Following my post comparing the FitDay and Daily Plate daily food diary websites, a reader recommended NutriMirror. It sounded like an excellent combination of both of the previous two, so I checked it out. Here are my findings.
The NutriMirror Daily Food Diary
The NutriMirror interface has the Web 2.0 friendliness of The Daily Plate. It offers a handy snapshot on the home page, as well as snapshots on additional pages. Note that the actual site is less blurry than my captured images because I resized them.
Here’s an example from the daily Food Log page. It shows your foods broken down by meal time as well as nutrient quantity. You can also add the number of glasses of water you drank that day.
Adding foods already in the database is simple. You can search or use subject menus to find what you’re looking for. It includes more name brand items than FitDay, but fewer than The Daily Plate.
You can also add foods to the database, either to share with others or for your personal use. It was also simple.
If you don’t want to calculate the quantities yourself, you can also use the “add recipes” function to add your own recipe. You may have to add a couple of items to the database to create a recipe, but it will do the complicated math for you.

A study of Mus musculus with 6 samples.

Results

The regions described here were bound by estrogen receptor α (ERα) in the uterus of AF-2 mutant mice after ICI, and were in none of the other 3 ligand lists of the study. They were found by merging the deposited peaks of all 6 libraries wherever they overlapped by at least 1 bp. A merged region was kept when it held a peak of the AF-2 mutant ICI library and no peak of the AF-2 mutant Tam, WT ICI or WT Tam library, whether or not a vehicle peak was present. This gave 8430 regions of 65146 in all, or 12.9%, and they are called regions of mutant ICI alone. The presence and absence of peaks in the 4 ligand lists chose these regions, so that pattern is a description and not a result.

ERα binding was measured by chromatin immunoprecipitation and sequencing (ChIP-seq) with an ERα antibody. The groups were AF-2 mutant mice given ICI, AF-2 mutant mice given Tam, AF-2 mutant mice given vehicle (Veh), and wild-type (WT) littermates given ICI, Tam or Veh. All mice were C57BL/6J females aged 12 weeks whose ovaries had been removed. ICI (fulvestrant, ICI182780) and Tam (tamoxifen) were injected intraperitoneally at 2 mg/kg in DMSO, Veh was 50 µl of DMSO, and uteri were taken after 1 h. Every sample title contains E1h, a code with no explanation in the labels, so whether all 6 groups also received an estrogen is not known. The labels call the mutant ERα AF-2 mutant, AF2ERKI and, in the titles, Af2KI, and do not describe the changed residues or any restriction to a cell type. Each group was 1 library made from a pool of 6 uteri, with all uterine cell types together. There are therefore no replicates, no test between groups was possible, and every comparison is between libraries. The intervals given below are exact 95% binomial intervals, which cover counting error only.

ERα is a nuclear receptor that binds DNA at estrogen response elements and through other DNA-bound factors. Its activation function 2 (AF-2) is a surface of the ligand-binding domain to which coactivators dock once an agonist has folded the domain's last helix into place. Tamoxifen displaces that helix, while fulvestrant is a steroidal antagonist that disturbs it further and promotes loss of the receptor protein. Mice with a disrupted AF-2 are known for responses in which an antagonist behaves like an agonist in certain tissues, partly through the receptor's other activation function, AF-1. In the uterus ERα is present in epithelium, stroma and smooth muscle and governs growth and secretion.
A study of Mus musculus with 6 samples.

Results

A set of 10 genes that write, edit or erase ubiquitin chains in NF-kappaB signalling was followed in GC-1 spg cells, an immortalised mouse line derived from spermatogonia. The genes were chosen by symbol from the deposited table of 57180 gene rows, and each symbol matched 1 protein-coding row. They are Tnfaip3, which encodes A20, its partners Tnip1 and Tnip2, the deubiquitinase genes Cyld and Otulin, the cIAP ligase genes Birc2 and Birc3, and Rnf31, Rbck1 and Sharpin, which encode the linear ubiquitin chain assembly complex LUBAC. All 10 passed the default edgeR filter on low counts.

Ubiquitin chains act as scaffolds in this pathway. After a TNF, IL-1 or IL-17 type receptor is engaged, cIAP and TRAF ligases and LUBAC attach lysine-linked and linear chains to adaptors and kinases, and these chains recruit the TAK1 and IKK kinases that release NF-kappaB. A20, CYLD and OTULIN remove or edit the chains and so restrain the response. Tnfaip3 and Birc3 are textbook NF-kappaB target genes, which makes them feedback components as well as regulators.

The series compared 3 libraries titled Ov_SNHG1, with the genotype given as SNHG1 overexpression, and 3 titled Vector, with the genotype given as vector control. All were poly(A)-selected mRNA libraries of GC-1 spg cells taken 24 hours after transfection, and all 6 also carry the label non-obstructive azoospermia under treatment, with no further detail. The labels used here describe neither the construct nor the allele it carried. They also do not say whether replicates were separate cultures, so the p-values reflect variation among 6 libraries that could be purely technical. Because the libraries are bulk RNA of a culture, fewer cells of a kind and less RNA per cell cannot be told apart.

In addition to recipes, you can add menus. For example, if you eat the same meal for breakfast, add it to one simple menu for quick logging.
The Exercise Log
The exercise log is also simple. It’s similar to the log on FitDay, but contains a few more options. It doesn’t have as many options as the Daily Plate. I like that it calculates the total calories burned (if you’ve entered your weight), as well as the number of additional calories you burned (because you burn a certain number per hour just by being alive.)
If you have a weight goal, it calculates how many calories you’ve eaten, how many you’ve burned, and how many you have left for the day. That’s an easy way to monitor your progress without complicated math.
You can also input your hip and weight measurements to track other important fitness indicators.
Overall, I like NutriMirror. The interface is attractive and simple. I will have to import my custom foods, but being able to find more foods in the database will reduce that some. It’s not the ultimate food diary – that would include the entire Daily Plate database plus all of NutriMirror’s functionality, but it’s the closest I’ve seen to perfect yet. Best of all – it’s free!